Dussehra : The Festival


After nine days of Navratri during which the nine avatars of Ma Durga are worshipped, one of the most awaited Hindu festivals falls on the 10th day of the month of Ashvin. This festival is celebrated as Dussehra or Dasara. The name of the festival comes from two Sanskrit words, Dasha meaning 10 and hara meaning defeat. The festival celebrates the victory of Lord Ram over Ravana, the ruler of Lanka who had abducted his wife. Over the years, it has come to signify the victory of good over evil. 


Celebrations Across India


In West Bengal where Pujo or Durga Puja is celebrated with great fervour, the last day is celebrated as Vijayadashami with the devout offering prayers and exchanging ‘Shubho Vijayadashami’ greetings. The day celebrates the Goddesses’s victory over Mahishasura, the buffalo demon. A similar belief is held in the rest of South India. The Mysuru Dussehra in Karnataka is led by the Royal Family of Mysuru. The royal family performs the special puja on this day. The palace along with other important buildings is lit up and various cultural programmes mark the occasion. 


In most states of North India, the Ram Lila, a folk drama is performed. The Ramlila is such a huge attraction that hundreds throng the event and cheer when the effigy of the demon king is burnt. The fireworks that light up the sky are a sight to watch. 


In western India and particularly in Maharashtra, Dussehra is celebrated by offering Sonpatta to each other which is symbolic of exchanging gold. Also, the Shammi tree and weapons are worshipped on this day. Paying respects to the Shammi tree brings in peace and happiness in the family. 


In Gujarat, the Navratri is ever so popular. With nine nights of revelry and gorgeous food throughout the festivities, the start of Dussehra morning is no exception. The Gujaratis have the traditional Jalebi-Fafda for breakfast. Do you know why they have Jalebi-Fafda on Dussehra? One, it is said the fast should be broken by having a gram flour-based delicacy. Gram is healthy and light too. Jalebi goes well with it and when served with hot milk cures migraines. Also, as per mythology, shashkhuli, the precursor to jalebi was Lord Ram’s favourite sweet, while Hanumanji loved gram. Hence the special combination.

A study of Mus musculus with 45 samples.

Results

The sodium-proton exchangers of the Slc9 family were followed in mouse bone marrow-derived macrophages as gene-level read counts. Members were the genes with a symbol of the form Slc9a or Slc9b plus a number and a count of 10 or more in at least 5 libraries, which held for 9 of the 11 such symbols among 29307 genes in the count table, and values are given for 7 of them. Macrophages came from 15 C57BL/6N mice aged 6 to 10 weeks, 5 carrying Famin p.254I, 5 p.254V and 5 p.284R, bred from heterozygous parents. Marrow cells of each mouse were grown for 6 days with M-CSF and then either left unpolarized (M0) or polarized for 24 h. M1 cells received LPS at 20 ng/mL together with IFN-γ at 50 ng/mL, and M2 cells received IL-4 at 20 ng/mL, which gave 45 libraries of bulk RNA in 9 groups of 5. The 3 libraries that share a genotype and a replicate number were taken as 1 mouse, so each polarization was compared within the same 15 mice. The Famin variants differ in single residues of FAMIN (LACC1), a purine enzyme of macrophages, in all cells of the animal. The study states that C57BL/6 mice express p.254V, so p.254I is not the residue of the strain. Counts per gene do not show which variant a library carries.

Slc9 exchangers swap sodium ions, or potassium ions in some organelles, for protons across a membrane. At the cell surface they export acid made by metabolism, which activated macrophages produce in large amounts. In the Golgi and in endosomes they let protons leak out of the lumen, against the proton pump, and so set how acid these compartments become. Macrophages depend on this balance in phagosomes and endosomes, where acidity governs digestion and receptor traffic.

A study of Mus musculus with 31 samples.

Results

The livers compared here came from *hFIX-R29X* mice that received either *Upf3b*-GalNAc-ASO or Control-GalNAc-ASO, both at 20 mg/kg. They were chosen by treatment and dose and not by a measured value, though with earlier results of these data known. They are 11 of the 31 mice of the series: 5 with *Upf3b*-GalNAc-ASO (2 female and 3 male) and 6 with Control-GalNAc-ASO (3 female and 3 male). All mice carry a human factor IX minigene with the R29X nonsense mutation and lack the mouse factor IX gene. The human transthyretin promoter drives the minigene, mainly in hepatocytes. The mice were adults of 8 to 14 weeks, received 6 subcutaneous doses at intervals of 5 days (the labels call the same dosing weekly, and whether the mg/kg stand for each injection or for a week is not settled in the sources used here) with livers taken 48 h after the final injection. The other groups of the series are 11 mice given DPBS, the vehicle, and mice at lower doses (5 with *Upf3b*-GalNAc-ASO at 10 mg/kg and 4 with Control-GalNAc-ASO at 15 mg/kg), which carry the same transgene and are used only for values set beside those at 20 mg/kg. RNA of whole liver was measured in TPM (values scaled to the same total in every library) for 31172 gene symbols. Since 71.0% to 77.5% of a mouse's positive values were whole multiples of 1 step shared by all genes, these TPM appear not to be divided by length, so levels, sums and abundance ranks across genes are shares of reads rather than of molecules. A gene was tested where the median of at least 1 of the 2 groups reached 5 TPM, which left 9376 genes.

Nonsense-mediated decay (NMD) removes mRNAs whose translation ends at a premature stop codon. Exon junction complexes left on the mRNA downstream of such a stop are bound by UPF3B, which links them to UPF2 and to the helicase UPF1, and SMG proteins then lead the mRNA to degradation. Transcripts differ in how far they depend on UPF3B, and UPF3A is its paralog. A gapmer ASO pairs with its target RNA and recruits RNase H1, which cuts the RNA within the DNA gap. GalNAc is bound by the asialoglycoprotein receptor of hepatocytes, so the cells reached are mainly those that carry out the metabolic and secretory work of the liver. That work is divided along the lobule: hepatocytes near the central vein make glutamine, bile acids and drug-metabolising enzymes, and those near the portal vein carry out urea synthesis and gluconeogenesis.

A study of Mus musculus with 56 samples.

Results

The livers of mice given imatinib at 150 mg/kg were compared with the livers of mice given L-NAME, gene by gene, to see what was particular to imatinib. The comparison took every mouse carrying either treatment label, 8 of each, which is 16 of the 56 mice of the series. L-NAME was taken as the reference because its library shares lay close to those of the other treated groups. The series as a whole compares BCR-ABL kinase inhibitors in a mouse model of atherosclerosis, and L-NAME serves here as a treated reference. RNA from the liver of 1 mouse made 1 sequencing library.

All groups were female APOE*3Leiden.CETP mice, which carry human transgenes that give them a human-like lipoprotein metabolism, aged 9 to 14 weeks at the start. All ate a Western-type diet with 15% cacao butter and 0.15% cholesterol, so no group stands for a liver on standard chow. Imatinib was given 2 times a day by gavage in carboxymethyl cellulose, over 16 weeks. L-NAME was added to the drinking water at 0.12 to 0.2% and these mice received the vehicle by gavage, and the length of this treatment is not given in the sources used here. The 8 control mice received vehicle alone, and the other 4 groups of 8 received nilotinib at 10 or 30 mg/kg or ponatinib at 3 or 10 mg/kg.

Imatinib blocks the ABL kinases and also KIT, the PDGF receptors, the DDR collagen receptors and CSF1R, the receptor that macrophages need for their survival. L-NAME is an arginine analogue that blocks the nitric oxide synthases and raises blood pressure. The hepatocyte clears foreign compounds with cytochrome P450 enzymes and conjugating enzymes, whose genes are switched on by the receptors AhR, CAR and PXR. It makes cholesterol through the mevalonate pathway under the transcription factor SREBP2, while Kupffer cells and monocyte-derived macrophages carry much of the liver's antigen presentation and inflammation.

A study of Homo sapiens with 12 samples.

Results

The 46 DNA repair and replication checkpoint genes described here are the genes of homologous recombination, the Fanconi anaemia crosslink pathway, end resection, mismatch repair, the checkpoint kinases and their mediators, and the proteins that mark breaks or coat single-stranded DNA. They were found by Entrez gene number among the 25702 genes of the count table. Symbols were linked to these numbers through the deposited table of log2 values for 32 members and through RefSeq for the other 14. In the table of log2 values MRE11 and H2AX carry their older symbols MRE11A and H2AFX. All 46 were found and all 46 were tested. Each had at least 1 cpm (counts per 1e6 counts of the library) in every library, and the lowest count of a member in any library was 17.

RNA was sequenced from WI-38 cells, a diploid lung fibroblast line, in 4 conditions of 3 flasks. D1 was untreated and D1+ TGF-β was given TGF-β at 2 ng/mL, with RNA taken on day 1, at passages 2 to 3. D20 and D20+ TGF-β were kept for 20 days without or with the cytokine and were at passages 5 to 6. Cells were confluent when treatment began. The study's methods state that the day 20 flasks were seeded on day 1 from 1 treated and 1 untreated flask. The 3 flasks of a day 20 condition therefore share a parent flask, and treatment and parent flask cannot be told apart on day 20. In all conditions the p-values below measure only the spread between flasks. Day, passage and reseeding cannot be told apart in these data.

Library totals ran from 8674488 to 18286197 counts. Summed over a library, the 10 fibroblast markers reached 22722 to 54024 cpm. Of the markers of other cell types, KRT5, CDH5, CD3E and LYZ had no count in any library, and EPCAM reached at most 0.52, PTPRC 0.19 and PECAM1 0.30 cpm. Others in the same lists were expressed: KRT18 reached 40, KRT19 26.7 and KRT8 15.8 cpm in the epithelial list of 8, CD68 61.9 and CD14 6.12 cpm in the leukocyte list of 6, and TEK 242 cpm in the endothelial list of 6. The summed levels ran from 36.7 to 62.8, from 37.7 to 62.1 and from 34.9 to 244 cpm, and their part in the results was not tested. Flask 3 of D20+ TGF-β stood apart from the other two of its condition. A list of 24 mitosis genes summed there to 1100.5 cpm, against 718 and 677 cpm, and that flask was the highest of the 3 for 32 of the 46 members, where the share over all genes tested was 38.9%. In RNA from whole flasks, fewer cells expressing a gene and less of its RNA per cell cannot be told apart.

While each region prepares its special main course items, the sweets are the main highlight.

Let’s take a look at what the rest of the India loves to feast on.


Kesar Pista Phirni


When at mishtan shops, you often see wide earthen bowls with a light coloured creamy preparation. This is the Phirni or ‘kheer’. While in North India, jalebis, gulab jamun, kaju katli are typical favourites, the phirni is a festive preparation made from coarse rice flour. This thick pudding with the light flavour of saffron garnished with dry fruit slivers is visually tempting too. Interestingly, the recipe here uses a sugar-free additive that brings in the same flavour without the worries  of increasing sugar levels.






An extremely popular delicacy among those in the western parts of India, the Basundi is what every dairy and sweet lover will be ready to have at any time. A rather simple dish where the milk is reduced to half, with cardamom and saffron to add flavour. A simple delicacy to go with puris or can be had as it is. When frozen, it can be had as kulfi. This way you can have two different desserts with the same sweet. 




Pal Khova


Across southern India, Pal Khova, a traditional milk-based delicacy is prepared that is cooked for 4-5 hours and generally with jaggery. Interestingly here, the dish is made by curdling and thickening milk. This creamy mixture is sweetened with sugar and then flavoured with cardamom powder. 




Chum Chum


It is indeed amazing that with the simple chenna, amazing recipes like Rasgolla, Ras Malai and Chum Chum are made and each uniquely different. Chum Chum, this spongy mishti (sweet) is usually an oblong-shaped sweet, with flavourful decorations atop the delicious sweet. Usually, the decorations are of sweetened khoya made into visually-tempting designs and shapes. 




Isn’t it amazing that with so much diversity, we have a common thread of food that binds us. 


Wish You All a Joyous and Prosperous Dussehra! 


In 20 days from now, we will be celebrating Deepawali, the Festival of Lights! We can anticipate how grand the festival celebrations will be, considering it is two years after low-key celebrations. 



Chef Sanjeev Kapoor is the most celebrated face of Indian cuisine. He is Chef extraordinaire, runs a successful TV Channel FoodFood, hosted Khana Khazana cookery show on television for more than 17 years, author of 150+ best selling cookbooks, restaurateur and winner of several culinary awards. He is living his dream of making Indian cuisine the number one in the world and empowering women through power of cooking to become self sufficient. His recipe portal www.sanjeevkapoor.com is a complete cookery manual with a compendium of more than 10,000 tried & tested recipes, videos, articles, tips & trivia and a wealth of information on the art and craft of cooking in both English and Hindi.